Court ruling over fraud claim
THE BOMBAY High Court has directed police to complete their fraud investigation of four Church of North India bishops accused of selling church lands for their personal profit.
In an order handed down last week Justice Naresh Patil and Justice Anuja Prabhudesai complained that the initial complaint had been filed in 2008 and that it was “high time” that the “investigation officer completes the probe.”
In 2012 the former Bishop in Pune, the Rt Rev Vijay Sathe was arrested on charges of fraud, forgery and breach of trust for allegedly seeking to sell the Afghan Memorial Church in Bombay to property developers and pocketing the proceeds.
The former bishops of Bombay, Pune and Gujarat were also ordered to be arrested by the court. All have since been released on bail.
In a report dated 18 April 2009, VR Patil, the Maharashtra State law and judiciary department’s legal adviser, found that a “bogus” corporation entitled the Bombay Diocesan Trust Association Private Limited had been created to “grab the properties of genuine Christian trusts” — the Bombay Diocesan Trust Association Limited (BDTA) and the Society for the Propagation of the Gospel (SPG) in the Diocese of Bombay.
“The bogus trustees indulged in many illegal activities to grab the property of BDTA Ltd and SPG by taking advantage of the similarity in the name of the bogus trust with the complainant’s trust,” the Patil report said. THE GENERAL Synod of the Church of Norway, the Kirkemøtet, has rejected a motion that would have permitted same-sex church weddings or the blessing by clergy of same-sex civil unions.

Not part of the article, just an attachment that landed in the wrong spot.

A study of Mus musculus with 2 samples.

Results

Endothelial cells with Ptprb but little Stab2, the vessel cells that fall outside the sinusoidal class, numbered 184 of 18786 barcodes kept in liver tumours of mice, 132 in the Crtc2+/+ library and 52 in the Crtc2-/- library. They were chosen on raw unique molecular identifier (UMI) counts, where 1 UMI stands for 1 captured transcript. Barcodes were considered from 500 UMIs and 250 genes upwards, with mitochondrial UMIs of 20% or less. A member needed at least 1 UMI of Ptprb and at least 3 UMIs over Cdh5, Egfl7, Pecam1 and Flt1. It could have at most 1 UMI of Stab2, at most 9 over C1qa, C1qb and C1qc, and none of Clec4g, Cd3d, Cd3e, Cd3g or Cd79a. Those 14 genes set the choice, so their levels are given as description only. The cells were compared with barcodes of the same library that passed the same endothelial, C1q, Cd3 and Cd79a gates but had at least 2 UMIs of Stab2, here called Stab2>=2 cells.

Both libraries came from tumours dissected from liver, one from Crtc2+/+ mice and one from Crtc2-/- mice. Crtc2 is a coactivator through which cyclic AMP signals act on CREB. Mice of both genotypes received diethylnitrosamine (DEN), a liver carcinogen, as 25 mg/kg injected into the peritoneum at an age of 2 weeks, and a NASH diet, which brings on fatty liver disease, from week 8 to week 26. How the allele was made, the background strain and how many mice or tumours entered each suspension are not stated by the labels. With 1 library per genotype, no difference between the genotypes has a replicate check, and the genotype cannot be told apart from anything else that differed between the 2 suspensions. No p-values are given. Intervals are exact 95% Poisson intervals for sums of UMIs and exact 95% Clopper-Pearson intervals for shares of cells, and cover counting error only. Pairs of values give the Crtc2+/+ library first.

However, the 8 April 2014 meeting in Kristiansand also voted not to affirm the church’s traditional stance that marriage is between one man and one woman.
The vote against gay marriage was 64 votes to 51, while the vote rejecting the church’s traditional stance on marriage was 62 to 54.
In 1993 Norway introduced same-sex civil partnerships and in 2008 amended its marriage laws to make them gender-neutral.
Church of Norway priest, the Rev Dr Arne H Fjelstad – director of The Media Project in Washington – told The Church of England Newspaper the defeat of the gay marriage motion was “really a Pyrrhic victory for the more moderate/conservative group within the church.”
He noted that some pro-gay marriage bishops after the vote urged patience saying: “With such a close race there is now much more liberty/freedom for us to conduct ceremonies for gays and lesbians. Stay in the church - don’t leave, we have more freedom now, and the situation is doomed to change within a few years.”